Obed Hrangchal takes first place
Obed Hrangchal takes first placeRamon Gym Club

Obed Hrangchal, 28, a mixed martial arts and kickboxing champion in his native India who is now a yeshiva student in the Israeli city of Ma’alot, last Friday became his new country’s kickboxing champion.

Competing in the 57-kg. (125 pounds) division, Hrangchal took the championship in the town of Kfar Yasif in the Galilee in an event drawing 150 competitors from clubs throughout Israel.

Hrangchal is a religiously observant member of the Bnei Menashe community, descendants of one of the 10 Lost Tribes of Israel, who grew up in Aizawl, a city of 300,000 in northeastern India. Hrangchal made Aliya with his family in 2020 thanks to the Jerusalem-based Shavei Israel organization. His parents, Gabriel and Ruth Hrangchal, live in Nof HaGalil, near Nazareth.

“I am very happy with this win. I always dreamt of making Aliya and becoming an Israeli champion. I now dream of representing Israel in international kickboxing competitions,” Hrangchal said.

Michael Freund, Shavei Israel’s founder and chairman, said, “we are very proud of Obed’s incredible accomplishment and we look forward to his representing Israel abroad.”

“Obed is another outstanding example of how the Bnei Menashe can contribute to Israeli society, each in his or her own way,” Freund said. “I hope that we will soon see him winning medals for Israel worldwide.”

David Ramon, Obed’s coach at the Ramon Gym Club, in Ma’alot, expects him to earn a spot on Israel’s national team and compete in the Senior Kickboxing World Championship in Portugal in November.

“Obed is a charming and well-liked guy with an extraordinary sporting talent who trains very hard,” he said. “I have no doubt that a bright future awaits him.”

Thus far, more than 5,000 Bnei Menashe have made Aliya to Israel in the past two decades, thanks largely to Shavei Israel. Another 5,000 remain in India, all of whom wish to make their home in the Jewish state.

Originally from the village of Thinghlun in the Indian state of Mizoram, the Hrangchals were the only Jewish family in town.

In 2013, they sold their home and farmlands to move to the capital city of Aizawl in order to join the local Jewish community while awaiting the opportunity to make Aliya. Without the family farm, Gabriel, Obed’s father, has been left without a proper profession.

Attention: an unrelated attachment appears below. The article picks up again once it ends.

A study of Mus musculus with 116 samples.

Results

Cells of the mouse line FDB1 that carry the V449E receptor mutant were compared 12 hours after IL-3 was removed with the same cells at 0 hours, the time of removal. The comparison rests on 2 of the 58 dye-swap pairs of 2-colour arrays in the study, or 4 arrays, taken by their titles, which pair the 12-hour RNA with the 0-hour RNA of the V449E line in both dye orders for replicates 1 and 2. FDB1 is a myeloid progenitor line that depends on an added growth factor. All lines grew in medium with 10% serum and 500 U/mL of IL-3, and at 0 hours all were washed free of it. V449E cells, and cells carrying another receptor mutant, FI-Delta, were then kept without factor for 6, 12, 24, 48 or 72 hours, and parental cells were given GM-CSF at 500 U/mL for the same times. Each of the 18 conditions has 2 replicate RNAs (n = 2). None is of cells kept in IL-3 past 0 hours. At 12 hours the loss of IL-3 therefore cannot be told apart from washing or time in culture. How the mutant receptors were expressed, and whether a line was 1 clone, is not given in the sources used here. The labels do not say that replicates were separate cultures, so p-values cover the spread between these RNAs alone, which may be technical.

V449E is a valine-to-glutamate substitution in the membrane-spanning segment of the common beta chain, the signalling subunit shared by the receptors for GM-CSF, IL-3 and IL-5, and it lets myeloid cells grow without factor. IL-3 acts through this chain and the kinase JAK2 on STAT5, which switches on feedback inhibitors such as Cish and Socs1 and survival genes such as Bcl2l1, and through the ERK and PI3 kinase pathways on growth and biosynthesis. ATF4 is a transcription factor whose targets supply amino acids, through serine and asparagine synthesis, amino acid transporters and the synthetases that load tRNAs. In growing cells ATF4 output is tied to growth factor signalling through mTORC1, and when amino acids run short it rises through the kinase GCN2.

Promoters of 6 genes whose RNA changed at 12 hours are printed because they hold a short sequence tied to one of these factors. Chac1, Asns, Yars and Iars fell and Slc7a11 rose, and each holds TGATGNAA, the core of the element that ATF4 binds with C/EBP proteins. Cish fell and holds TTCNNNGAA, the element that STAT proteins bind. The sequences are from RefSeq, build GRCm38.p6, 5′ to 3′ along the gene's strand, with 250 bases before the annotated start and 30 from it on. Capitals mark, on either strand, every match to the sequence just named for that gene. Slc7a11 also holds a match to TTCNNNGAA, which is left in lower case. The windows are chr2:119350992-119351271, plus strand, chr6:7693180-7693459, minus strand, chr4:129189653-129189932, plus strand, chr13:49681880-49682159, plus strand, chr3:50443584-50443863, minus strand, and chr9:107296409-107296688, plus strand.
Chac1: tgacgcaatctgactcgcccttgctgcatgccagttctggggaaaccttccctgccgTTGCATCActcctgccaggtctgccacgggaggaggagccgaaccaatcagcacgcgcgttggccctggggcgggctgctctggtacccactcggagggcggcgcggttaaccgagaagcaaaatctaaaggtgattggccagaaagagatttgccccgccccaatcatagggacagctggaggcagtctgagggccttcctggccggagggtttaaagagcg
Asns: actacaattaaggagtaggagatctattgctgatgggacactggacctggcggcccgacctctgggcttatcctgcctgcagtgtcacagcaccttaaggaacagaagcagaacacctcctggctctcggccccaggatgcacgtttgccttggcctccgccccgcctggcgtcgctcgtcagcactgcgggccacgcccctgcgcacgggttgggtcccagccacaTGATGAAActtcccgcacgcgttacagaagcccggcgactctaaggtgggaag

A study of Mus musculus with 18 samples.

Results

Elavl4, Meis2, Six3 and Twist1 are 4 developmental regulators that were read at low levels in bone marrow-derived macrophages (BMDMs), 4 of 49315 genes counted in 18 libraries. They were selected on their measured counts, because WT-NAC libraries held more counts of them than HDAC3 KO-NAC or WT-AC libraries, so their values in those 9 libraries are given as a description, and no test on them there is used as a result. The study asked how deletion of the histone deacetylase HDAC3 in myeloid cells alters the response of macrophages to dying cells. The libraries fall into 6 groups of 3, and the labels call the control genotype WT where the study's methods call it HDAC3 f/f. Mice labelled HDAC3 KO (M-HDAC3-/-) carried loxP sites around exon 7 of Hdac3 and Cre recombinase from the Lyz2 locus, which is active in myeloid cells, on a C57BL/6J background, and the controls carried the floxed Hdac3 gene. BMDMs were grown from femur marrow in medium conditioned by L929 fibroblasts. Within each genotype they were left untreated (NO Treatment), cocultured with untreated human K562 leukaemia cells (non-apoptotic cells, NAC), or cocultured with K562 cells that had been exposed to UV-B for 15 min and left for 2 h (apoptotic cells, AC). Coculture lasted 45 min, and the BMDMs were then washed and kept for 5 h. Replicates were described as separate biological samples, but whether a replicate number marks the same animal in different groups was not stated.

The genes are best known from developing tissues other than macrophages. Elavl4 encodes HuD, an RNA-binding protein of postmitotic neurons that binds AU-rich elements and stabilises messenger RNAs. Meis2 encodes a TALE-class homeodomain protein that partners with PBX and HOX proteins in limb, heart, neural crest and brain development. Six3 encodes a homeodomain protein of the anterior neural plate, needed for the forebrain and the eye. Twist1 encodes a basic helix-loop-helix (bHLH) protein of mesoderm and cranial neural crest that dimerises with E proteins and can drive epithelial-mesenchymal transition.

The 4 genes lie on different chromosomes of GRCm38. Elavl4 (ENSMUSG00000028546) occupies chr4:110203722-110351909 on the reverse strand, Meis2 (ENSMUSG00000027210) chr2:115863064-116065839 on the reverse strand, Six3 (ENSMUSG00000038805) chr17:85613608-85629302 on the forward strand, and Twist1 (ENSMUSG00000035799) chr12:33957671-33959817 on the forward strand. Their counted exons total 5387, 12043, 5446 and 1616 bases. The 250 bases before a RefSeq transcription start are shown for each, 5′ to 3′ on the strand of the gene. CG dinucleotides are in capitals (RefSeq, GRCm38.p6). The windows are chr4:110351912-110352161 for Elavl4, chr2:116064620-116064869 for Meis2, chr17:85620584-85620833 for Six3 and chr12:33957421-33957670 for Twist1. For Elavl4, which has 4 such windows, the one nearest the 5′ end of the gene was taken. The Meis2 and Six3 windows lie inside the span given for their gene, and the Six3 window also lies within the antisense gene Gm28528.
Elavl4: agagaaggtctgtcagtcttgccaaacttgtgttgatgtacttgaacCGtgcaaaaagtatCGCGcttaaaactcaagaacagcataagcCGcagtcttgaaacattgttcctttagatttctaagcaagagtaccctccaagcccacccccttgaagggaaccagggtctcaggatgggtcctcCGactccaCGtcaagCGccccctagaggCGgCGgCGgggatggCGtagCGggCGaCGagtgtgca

Being Jewish makes it more difficult to find steady work since they do not work on the Sabbath and Jewish holidays. While taking leave on these days they often find that they are replaced.

Despite these difficulties, Obed has succeeded in garnering widespread recognition and has won awards in martial arts from the Mizoram State Sport Council and the Mizoram State Wushu Association, which are affiliated with the Indian Olympic Association as well as the International Olympic Committee (IOC).

“I started practicing martial arts from a very young age, about 6 years old, but without proper instruction,” reports Obed Hrangchal. “As I grew up, I steadily improved and then I began to compete at the state level in 2014, when I competed in Chinese Kickboxing or Wushu and won second place. That same year, I began to study Mixed Martial Arts (MMA) under an instructor.”

The Bnei Menashe, or "Children of Manasseh," claim descent from one of the Ten Lost Tribes of Israel, who were sent into exile by the Assyrian Empire more than 27 centuries ago.

Their ancestors wandered through Central Asia and the Far East for centuries, before settling in what is now northeastern India, along the border with Burma and Bangladesh.

Throughout their sojourn in exile, the Bnei Menashe continued to practice Judaism just as their ancestors did, including observing the Sabbath, keeping kosher, celebrating the festivals and following the laws of family purity.

They continued to nourish the dream of one day returning to the land of their ancestors, the Land of Israel.

Thus far, Shavei Israel has brought to Israel over 5,000 Bnei Menashe, and plans to help bring more members of the community to Israel. Currently, there are 5,000 Bnei Menashe awaiting their return to the Jewish homeland.